The speed a website loads in is important. - both from a search engine optimisation (SEO) point of view but also for the best user experience.
According to statistics, 53% of visitors abandon a site if it takes more than 3-seconds to load.
A key hurdle that a client often faces when adding new content to their site (i.e. a blog or news post) is keeping image sizes small, and how to achieve this.
This tutorial runs through the process I undertake for optimising images for a website.
Required: Photoshop or image editing application, ImageOptim or an image compressor (see below)
An image file should be less than 500 KB for the best results, however - the lower the better, as long as the quality of the image isn't affected.
You can check the file size of your image by clicking on it on your computer and viewing it's properties.
If you're a client of Wakeford Digital and uploading an image to your website, Webflow displays the file size for you and will often flag if it's too big.
This is quite a specific process as I'm an Apple user, however hopefully there are some tips in here that help.
Firstly, I consider if the image is going to be used on the header of website, as a thumbnail for a blog post or generally through out the website etc.
Why do this?
It helps inform the dimensions for the optimised image.
For example, if the image used for the header of a website is optimised to be really small, then it will appear pixelated and blurry.
Similarly, if a smaller image such as a blog thumbnail is 5000px wide when on the actual site it will only be displayed at around 500px, then the file size will be unnecessarily big.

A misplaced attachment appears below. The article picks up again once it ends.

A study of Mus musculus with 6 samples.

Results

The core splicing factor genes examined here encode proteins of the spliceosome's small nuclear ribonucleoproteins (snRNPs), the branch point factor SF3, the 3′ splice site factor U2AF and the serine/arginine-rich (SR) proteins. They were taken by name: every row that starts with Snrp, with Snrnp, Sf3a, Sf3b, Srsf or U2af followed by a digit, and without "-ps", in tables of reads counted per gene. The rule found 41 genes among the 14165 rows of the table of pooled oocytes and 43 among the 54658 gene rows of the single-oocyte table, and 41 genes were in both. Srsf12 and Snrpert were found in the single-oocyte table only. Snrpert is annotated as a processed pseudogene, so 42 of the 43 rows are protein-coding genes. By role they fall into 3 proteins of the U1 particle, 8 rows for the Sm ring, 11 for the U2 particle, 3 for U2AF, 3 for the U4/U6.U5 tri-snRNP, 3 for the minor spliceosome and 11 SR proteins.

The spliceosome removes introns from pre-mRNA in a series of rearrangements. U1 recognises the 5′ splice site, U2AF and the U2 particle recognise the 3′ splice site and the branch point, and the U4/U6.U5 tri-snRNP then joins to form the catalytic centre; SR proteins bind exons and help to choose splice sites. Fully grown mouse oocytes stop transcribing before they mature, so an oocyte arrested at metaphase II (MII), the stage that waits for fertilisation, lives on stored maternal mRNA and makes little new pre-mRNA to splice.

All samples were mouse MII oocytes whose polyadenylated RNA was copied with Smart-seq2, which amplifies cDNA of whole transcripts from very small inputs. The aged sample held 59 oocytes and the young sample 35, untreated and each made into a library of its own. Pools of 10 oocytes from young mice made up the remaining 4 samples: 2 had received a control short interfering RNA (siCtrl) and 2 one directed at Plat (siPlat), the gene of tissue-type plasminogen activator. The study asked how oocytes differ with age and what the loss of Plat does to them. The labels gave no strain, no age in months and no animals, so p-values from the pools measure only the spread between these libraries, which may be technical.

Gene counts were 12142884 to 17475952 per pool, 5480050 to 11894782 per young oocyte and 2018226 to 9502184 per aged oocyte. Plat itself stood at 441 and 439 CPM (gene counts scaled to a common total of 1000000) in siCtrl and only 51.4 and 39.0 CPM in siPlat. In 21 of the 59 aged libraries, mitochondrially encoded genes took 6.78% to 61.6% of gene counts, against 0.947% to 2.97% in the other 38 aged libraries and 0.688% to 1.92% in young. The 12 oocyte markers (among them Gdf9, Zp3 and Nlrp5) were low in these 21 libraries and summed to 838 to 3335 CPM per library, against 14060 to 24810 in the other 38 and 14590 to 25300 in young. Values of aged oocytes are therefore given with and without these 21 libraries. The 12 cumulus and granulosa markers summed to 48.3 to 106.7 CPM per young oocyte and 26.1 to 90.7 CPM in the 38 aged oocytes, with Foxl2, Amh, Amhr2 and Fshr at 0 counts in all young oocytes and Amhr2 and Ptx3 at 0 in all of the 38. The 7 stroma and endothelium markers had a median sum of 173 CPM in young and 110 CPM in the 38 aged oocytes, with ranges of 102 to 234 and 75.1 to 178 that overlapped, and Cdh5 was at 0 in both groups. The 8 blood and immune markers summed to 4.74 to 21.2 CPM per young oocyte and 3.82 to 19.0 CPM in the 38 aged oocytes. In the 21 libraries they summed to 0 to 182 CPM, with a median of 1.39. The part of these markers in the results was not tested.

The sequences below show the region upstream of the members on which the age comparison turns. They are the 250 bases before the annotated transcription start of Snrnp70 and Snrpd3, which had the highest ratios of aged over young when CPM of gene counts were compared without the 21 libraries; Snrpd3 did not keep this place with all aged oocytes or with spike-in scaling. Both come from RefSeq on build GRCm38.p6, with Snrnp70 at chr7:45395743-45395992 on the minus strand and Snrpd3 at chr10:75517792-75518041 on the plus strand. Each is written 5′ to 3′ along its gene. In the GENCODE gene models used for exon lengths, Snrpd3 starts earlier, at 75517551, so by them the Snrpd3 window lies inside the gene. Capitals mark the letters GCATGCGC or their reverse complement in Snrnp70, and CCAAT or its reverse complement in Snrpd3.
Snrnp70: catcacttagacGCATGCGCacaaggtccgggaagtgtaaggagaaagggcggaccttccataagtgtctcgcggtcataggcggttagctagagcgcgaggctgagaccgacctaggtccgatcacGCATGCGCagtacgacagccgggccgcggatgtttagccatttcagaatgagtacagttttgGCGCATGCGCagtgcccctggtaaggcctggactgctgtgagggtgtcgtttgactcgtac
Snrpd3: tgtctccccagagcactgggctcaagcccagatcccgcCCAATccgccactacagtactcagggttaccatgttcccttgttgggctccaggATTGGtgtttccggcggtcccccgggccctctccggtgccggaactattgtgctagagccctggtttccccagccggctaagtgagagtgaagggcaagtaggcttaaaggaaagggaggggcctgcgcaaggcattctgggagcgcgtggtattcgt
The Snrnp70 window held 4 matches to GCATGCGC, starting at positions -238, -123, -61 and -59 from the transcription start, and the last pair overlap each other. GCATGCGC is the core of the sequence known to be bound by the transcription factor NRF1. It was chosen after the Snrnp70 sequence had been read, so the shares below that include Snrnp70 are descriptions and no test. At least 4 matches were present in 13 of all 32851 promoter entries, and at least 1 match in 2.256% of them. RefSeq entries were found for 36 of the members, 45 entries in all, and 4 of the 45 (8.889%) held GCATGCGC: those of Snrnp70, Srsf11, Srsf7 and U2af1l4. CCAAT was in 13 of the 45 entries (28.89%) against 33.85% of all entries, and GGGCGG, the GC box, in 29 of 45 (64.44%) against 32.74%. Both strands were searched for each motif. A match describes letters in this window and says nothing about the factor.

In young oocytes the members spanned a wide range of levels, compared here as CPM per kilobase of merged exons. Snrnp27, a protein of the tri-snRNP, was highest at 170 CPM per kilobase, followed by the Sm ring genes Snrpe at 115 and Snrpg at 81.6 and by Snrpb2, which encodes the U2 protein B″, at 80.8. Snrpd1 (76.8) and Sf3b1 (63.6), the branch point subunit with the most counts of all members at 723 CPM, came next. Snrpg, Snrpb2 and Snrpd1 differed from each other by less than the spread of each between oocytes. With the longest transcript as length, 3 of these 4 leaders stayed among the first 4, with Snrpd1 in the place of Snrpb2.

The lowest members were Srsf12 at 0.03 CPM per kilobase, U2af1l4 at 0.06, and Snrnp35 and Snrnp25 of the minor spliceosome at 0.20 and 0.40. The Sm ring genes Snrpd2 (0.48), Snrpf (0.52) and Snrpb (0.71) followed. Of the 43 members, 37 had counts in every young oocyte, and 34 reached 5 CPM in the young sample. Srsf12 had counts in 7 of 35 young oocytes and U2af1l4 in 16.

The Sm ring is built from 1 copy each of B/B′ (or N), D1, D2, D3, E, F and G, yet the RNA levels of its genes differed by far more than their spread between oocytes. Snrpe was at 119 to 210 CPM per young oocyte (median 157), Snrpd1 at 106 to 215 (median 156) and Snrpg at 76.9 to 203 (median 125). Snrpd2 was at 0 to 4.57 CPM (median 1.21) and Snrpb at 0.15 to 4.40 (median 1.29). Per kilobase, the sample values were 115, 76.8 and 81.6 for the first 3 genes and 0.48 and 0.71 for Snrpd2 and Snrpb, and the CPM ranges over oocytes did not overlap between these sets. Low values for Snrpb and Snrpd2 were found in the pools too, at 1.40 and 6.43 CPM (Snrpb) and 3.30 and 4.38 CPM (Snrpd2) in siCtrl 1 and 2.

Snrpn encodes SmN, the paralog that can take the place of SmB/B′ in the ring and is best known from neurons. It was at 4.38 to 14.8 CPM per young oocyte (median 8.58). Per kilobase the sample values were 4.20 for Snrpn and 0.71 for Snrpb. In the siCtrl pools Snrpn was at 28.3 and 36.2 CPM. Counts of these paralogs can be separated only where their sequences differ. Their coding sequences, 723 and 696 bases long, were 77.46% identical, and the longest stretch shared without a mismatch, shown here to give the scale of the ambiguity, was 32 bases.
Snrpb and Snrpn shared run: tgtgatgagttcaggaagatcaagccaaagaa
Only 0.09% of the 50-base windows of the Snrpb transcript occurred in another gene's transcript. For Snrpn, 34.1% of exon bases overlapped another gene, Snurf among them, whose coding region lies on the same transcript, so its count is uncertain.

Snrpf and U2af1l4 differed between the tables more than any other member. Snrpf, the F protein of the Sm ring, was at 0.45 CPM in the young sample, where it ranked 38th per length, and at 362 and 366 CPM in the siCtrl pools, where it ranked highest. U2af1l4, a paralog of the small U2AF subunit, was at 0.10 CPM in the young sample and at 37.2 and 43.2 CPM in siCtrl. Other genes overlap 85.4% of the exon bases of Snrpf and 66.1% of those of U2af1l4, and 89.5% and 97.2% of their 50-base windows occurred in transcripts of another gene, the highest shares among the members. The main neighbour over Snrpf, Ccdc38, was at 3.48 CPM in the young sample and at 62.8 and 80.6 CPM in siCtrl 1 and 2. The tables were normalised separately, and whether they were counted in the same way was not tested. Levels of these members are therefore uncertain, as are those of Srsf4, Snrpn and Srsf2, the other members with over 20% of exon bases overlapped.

Summary - Consider where the image will be used on your website to scale it accordingly. A maximum size I use is ~1,800px wide, but smaller images should be around 1,000px max.
This step requires Adobe Photoshop, which I know isn't accessible to everyone.
The premise of this step is to 1) use the "Save For Web" feature to make the image size smaller and 2) change the dimensions as per Step 1.
You may be able to use your favourite image editing application to change the dimensions of the image. You can then skip to Step 3 which may still help!
If you are using Photoshop:
Step 2A: start by opening up your image as normal then going File > Export > Save For Web.
This will open a new dialogue box (see the images below) which is specific for saving optimised images.
The three key things in this area are:
Step 2B: Making sure the file type is a JPEG (commonly used) and changing the quality if required;
Step 2C: Changing the dimensions if required;
Step 2D: Checking the file size.
Once done, hit the "Save..." button and save the optimised file to an appropriate location.
If you're not a Mac user or don't do this regularly, then I'd recommend the online website Compressor.io, where you can upload your file and re-download a compressed version.
ImageOptim users can drop and drag multiple files in and it'll process them all at once. It also re-writes the original file, so there's no need to save again.
Once you've performed the steps above, I always double check the final file to ensure the quality is still acceptable as well as the size.
If you're happy with the newly optimised image, you can upload it to your website and enjoy a faster load speed.
As an example, the image used in this tutorial started off at 4 MB, and was reduced down to below 200K using the methods above.
If you times this by 3, 5, 10 images per page, per website, that's a significant amount of download required and therefore speed saved on.
I hope this quick tip helps both clients of Wakeford Digital and those who manage their own website alike to upload optimised images.